Wednesday, June 14, 2006

Another Watergate myth dispelled

Somehow I missed seeing any reference to the death of 'legendary Miami investigator' Martin Dardis last month. Joan Fleishman's column in the Miami Herald today gives notice of a memorial service, and Amy Driscoll's obituary ran May 18.

Dardis' life story is full of great stories, of course the most well-known is his identification of the Watergate burglars' connection to the Committee to Re-Elect the President (Nixon). Dardis complained in later years that his portrayal in All the President's Men was unfair:
Dardis, an ex-cop, despised his portrayal in the Carl Bernstein and Bob Woodward book and movie, All the President's Men. He told The Miami Herald last year that his historical role had been unfairly diminished and that the movie made him seem like a shabbily dressed "buffoon." He said he had shown Bernstein exactly where the money had come from -- a Miami bank -- thereby filling in a key blank in the probe.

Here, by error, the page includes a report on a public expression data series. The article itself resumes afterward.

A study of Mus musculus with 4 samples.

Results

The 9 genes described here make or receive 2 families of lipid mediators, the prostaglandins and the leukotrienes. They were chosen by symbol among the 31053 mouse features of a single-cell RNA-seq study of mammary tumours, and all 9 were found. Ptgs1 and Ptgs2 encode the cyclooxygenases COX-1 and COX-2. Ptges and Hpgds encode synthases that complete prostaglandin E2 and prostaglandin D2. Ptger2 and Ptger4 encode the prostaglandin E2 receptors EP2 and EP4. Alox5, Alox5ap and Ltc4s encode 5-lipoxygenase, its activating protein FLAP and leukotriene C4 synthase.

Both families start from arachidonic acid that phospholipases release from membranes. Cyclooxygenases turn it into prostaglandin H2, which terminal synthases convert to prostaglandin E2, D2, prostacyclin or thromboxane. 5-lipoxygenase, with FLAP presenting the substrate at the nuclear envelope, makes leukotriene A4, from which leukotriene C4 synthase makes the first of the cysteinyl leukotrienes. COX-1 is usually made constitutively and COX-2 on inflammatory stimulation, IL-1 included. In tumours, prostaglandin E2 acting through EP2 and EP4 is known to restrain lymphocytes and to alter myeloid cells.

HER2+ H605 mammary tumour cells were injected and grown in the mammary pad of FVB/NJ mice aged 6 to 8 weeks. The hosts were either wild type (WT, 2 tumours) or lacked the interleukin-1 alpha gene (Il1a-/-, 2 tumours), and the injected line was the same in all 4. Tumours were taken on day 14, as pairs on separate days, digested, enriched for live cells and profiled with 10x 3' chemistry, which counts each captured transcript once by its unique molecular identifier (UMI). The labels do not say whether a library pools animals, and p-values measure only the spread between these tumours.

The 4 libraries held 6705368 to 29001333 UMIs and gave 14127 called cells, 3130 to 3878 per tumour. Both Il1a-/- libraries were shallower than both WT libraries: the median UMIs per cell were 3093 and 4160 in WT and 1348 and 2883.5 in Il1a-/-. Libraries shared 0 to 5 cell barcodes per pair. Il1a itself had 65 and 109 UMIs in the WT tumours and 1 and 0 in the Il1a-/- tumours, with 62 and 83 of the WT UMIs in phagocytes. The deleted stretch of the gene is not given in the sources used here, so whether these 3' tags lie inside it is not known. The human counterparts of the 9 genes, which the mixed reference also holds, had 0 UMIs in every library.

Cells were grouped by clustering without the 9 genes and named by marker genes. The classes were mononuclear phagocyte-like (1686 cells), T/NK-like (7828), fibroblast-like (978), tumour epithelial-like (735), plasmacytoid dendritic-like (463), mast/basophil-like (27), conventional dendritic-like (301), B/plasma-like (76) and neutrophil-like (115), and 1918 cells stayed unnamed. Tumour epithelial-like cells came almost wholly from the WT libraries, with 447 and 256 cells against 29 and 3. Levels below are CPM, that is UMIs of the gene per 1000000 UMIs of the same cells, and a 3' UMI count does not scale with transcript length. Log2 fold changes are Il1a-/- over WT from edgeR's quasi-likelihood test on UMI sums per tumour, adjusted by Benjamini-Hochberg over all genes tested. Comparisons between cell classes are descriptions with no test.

...When The Washington Post's Bernstein showed up at the state attorney's office in downtown Miami, Dardis showed him the critical link. In 1997, Woodward called the Dahlberg check the "connective tissue" that linked the burglars to Nixon's campaign.

And, another story I hadn't heard: about his rescue of an American airman during the Battle of the Bulge: the airman turned out to be Kenneth Dahlberg, whose check for $25,000, given to the CREEP, was found in Bernard Barker's bank account nearly 30 years later!

Lots of memories in the obit, from writers like Carl Hiaasen, former prosecutors, and Warren Holmes, the lie-detector expert who was involved in so many big Miami stories.